Do you have a chronic health problem such as asthma, diabetes or arthritis? In the US, 125 million people (around 38% of the population) suffer from these types of diseases, and treating them takes up 78% of the healthcare budget. The figures are probably similar for other developed countries.
At the Faraday Institute summer course last month, the Oxford-based biologist Paul Fairchild explained that a significant proportion of chronic diseases could be treated by replacing just one of the patient’s cell types or tissues. The use of ‘stem cells’ is a rapidly growing area of research and medicine, but it also throws up some very significant ethical issues. I’ll summarise the main points from his lecture here, in the hope of equipping others to start exploring this area and have a voice in the public arena about the development and use of these new treatments.
Most of the cells in our bodies are specialised: blood, bone marrow, liver, and so on. Stem cells are generalists which can turn into a number of different cell types. In medicine, the more types of cell a stem cell can become, the more useful it is.
One particular type of flatworm has become famous among biologists for being able to regenerate all its tissues at any point in its lifecycle. This feat is possible because the worm has ‘pluripotent’ stem cells that are capable of turning into any type of cell in its body.
By the time a human embryo has implanted in its mother’s womb it has lost the flatworm’s amazing regenerative abilities. But if cells from a pre-implantation embryo – perhaps one that is ‘left over’ after IVF treatment – are kept under the right laboratory conditions, they will multiply almost indefinitely. These Embryonic Stem (ES) cells can be treated to become different tissue types, and have been used to help patients with diabetes, cardiovascular disease, macular degeneration and a number of different neurological conditions.
The potential to heal people using ES cells is enormous, but it throws up a very serious ethical question. What is the status of a preimplantation embryo? Does it deserve the same rights and protection as a newborn baby, or does it deserve respect but not the same moral status as an adult? Some think that embryos develop their unique personhood over time, as they get past the stage when an embryo can divide into identical twins, start to develop a nervous system, or become aware of their surroundings. Others, including Paul, think a person comes into existence at conception, but this view needn’t necessarily by a show-stopper for ES cell research.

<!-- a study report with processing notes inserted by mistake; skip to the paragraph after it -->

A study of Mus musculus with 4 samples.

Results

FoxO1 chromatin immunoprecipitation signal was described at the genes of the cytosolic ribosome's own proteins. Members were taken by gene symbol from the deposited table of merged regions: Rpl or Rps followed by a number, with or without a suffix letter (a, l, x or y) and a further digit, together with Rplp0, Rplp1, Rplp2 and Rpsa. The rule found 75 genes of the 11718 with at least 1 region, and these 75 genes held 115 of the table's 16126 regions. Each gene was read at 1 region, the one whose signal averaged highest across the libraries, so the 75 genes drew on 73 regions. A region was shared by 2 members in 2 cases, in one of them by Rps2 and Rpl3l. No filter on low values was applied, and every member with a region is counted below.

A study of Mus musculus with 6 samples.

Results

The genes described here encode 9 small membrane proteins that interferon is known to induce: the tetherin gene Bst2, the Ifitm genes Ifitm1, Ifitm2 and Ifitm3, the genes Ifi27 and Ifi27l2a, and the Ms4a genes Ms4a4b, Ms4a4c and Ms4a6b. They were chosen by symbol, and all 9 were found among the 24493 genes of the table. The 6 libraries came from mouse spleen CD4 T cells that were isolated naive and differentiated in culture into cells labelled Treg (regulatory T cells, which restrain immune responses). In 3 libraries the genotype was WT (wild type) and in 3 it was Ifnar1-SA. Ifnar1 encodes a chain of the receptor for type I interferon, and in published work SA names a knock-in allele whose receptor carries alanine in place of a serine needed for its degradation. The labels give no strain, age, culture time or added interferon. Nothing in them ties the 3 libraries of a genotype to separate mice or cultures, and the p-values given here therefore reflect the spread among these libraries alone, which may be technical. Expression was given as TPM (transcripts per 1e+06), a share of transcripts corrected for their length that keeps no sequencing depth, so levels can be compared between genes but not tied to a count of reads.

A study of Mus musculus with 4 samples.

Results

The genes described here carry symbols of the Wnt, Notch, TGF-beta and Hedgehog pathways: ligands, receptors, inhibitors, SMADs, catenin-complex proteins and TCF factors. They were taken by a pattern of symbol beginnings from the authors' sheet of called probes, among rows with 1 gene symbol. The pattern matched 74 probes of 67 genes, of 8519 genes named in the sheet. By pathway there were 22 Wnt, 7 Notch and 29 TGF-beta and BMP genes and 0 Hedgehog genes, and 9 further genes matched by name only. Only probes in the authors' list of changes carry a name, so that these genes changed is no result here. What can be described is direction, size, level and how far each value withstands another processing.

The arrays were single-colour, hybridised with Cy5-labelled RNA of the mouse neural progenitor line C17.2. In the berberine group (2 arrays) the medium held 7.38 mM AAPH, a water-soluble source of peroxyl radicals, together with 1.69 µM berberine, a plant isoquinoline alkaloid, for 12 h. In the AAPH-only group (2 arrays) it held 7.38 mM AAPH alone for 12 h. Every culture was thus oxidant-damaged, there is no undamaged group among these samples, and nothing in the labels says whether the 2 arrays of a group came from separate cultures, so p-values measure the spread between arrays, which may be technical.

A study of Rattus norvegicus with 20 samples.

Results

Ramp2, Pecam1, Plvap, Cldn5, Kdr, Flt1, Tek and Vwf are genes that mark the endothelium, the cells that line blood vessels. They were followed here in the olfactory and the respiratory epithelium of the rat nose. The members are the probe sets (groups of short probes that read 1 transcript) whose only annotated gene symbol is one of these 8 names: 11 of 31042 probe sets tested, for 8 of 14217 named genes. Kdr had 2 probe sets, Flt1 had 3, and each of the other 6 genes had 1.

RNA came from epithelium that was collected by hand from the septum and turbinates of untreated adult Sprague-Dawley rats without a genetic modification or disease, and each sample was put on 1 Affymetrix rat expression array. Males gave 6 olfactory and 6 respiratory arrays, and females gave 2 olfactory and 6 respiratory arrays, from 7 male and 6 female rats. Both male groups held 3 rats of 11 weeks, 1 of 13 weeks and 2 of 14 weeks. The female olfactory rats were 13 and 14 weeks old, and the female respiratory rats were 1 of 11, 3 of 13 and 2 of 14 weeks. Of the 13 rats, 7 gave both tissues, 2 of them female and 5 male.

If an embryo conceived in an IVF clinic is not used within 5 years, it must be destroyed. Paul and many other scientists would prefer to use its ES cells, and some even see it as morally wrong not to use these unwanted embryos to develop life-saving treatments. Others would prefer not to benefit from a process they believe shouldn’t be happening (i.e. discarding human embryos).
To get round the problem of tissue matching (which is as much an issue with an ES cell transplants as with other types of tissue transplants), scientists have also developed ‘therapeutic cloning’. For example, if I needed some new heart cells doctors could take an egg cell from my own body (if I were a man they would need to source a egg cell from a donor) and take out the DNA. This first step is important because eggs and sperm only contain half the amount of DNA needed to make full-functioning cells. The next step would be to add the full set of DNA from another cell in my body, and then treat that new hybrid cell in the lab to make it multiply and produce ES cells. Those cells could then be turned into heart cells, which would be transplanted back into my body.
One ethical issue with therapeutic cloning, apart from the expense, is hinted at in the name. Once my DNA was inserted into the egg it could, if used as it would be in an IVF clinic, become a person. I could give birth to my own clone, which is illegal worldwide. This alternative scenario also shows that a potentially viable embryo is destroyed as part of therapeutic cloning, and many people object to that.
Another cell-based treatment involves making ‘induced pluripotent cells’ (iPSCs). To treat my fictitious heart problem, cells could be taken from my body and treated to make them pluripotent again. This is the procedure that Paul investigates in his own lab. It’s not straightforward, but once the treatment has been figured out it is very powerful. iPSCs can be used not just to treat disease, but to test new drugs or study the disease process.
iPSCs still don’t solve all the ethical dilemmas because the same process can be used to make eggs or sperm – or even both, raising the spectre of human cloning again. iPSC technology can also be used to make whole new organs, but these need to be made in a host animal. If someone grew a new heart for me in a pig, my cells might not only be found in the organ we wanted but in other parts of its body – including the gametes and brain, raising questions about what it means to be human.
Every new technology can promise both great good and potential harm. The use of stem cells may offer powerful solutions to chronic disease, but the ethical questions they raise are as complex as the procedures themselves. It could be tempting to jettison this whole area of medicine just to be on the safe side, but I suspect that would not be a wise move. I would rather stay informed, have my say in the public discussion, and support scientists such as Paul who are attempting to navigate the field as wisely as he can.
You can listen to the full recording of this lecture on https://sms.cam.ac.uk/institution/FARADAY when it becomes available.